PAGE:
It’s that time of year here in Washington, D.C. — budget time. This is the time of year when Congress begins jockeying for position to put in their favorite pet projects into the fiscal year 2012 budget. It’s also the time our legislature fulfills those promises to the folks back home to put the brakes on federal spending.
One of those many programs that always gets the spotlight this time of year is the Essential Air Service program. EAS was created after the airline deregulation bill became law back in 1978 as a way to ensure that small communities would not lose their connection to the global aviation transportation system. It was felt that in a post-deregulation world, these communities would lose service as the airlines focused on more profitable routes, so Congress would subsidize these routes. You can see the original list of cities included in EAS here.
Throughout the years, the program has seen cities and subsidies cut, but there’s been no real changes to the program since it was implemented back in 1978. I have had a unique view of the program: as a journalist who covered the regional airline industry for almost 10 years and as an employee of an airline that pursued EAS funding.
Looking at it from both sides, I’d say this program is long overdue for a makeover. The program is broken and most people know it. But whenever a call goes out to redo the program — or even cut it altogether — members of the House of Representatives and the Senate come out of the woodwork to keep the program in place, even though it makes no sense financially. Take a look at all the EAS stories — and congressional representatives defending it — I found with a simple Google search just in the past week.
Back in July 2009, the Government Accountability Office stated the obvious in a report that looked at EAS. “The EAS program has changed relatively little in 30 years, but current conditions raise concerns about whether the program can continue to operate as it has,” GAO wrote.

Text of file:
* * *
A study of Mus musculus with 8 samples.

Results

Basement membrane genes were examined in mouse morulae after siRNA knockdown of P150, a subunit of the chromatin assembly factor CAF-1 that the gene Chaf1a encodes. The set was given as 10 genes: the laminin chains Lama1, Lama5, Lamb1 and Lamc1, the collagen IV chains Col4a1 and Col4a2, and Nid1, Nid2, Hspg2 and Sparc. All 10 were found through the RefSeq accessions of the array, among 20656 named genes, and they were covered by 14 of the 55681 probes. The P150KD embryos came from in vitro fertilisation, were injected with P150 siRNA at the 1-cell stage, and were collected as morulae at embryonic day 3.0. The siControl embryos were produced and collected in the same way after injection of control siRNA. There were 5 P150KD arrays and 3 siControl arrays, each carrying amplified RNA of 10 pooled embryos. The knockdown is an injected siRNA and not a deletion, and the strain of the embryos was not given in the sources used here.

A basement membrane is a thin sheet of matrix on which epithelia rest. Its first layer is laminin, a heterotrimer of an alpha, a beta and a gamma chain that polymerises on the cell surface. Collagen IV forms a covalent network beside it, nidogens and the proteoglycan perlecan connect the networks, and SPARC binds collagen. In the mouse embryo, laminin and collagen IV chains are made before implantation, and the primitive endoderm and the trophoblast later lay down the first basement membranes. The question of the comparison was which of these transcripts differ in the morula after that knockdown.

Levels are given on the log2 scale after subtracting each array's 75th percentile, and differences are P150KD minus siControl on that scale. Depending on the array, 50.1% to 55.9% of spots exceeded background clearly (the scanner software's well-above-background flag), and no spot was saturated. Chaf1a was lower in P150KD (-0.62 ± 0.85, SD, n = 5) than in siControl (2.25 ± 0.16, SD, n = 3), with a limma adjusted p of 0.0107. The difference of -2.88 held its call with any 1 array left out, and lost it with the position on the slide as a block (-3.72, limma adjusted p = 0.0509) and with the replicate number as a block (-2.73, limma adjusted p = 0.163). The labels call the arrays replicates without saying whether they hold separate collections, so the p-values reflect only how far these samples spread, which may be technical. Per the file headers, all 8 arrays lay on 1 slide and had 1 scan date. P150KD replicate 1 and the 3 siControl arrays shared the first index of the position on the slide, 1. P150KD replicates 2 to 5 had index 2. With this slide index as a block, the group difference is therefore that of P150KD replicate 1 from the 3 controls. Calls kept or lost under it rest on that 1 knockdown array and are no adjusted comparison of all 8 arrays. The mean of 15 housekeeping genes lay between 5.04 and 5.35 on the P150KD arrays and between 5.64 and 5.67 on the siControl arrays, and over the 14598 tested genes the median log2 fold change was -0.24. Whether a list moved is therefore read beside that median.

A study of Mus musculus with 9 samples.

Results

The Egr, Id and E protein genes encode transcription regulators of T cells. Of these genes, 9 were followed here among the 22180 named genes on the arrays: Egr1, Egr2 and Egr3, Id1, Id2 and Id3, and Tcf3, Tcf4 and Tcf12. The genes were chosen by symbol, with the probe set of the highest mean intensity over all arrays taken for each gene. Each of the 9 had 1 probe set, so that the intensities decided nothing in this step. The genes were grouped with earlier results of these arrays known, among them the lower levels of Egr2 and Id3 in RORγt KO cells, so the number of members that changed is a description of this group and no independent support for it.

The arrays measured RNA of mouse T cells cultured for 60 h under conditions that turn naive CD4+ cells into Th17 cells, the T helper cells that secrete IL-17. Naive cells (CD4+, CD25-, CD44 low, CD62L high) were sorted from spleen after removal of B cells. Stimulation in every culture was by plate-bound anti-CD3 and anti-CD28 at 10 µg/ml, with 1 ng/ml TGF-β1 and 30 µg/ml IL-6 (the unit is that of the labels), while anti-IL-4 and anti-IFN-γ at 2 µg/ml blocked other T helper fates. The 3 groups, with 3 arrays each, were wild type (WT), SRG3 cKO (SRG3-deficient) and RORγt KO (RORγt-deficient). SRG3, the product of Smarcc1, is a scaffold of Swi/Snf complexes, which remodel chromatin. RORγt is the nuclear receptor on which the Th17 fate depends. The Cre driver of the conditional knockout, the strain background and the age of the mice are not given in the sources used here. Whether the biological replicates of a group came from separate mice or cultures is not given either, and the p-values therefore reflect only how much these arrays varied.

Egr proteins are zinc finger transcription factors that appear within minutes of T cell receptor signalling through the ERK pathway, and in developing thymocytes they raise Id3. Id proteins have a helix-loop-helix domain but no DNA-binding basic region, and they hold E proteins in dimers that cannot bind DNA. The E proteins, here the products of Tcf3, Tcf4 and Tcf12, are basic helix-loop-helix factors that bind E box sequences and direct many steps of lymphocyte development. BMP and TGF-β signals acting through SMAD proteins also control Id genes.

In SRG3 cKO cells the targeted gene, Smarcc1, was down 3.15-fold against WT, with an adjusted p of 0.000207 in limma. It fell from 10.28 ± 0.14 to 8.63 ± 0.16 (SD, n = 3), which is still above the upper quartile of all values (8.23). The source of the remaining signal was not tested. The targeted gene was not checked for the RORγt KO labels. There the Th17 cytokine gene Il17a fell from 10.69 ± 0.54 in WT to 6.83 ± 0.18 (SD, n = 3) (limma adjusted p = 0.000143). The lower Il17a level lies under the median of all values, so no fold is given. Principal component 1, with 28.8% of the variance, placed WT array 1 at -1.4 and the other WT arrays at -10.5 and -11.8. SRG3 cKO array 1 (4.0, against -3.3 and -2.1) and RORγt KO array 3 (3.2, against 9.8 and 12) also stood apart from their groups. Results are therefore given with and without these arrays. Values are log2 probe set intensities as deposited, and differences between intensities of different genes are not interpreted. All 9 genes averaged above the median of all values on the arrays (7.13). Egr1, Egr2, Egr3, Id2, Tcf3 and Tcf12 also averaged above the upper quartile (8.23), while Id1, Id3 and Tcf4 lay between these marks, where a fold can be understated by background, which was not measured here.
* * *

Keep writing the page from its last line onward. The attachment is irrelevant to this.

There are several problems. One, people just aren’t using the service, because even with the subsidies, the flights can be too expensive. Most people in EAS communities do what those without the service do — find other transportation to a larger airport with better service options.
I saw both sides of this coin up close and personal when I worked for the airline. Our team was bidding on EAS service in Nebraska and we flew from Denver to Nebraska on the carrier that had the contract we wanted. We were the only passengers on the flight. I asked the crew if this was normal, and they said it was pretty much the norm. When we went to Alamogordo, N.M., to bid on the service, we flew into El Paso, rented a car and drove the 80 miles to the city.
Two, the number of airlines offering EAS has dropped drastically, from from 34 in 1987 to 10 in 2009, according to GAO. Airline costs have risen and the fuel price spike of a few years ago made EAS flying unprofitable, so more dropped out of the program.
Three, the airlines face reliability and destination issues. Regularly scheduled services usually take priority over EAS flights. And the EAS flights don’t always go to the hub that travelers want most. Look at the service offered in Arizona by Great Lakes. Kingman flights go to Las Vegas; Page and Show Low flights go to Phoenix; and Prescott flights go to LA Ontario, then Denver.
Subsidies have steadily increased, from a steady $50 million a year in the 1990s to a budget request of $200 million in FY 2012. I think 2011 should be the year that Congress swallows hard and takes a hard look at EAS to make it into the program originally envisioned — essential air service — back in 1978.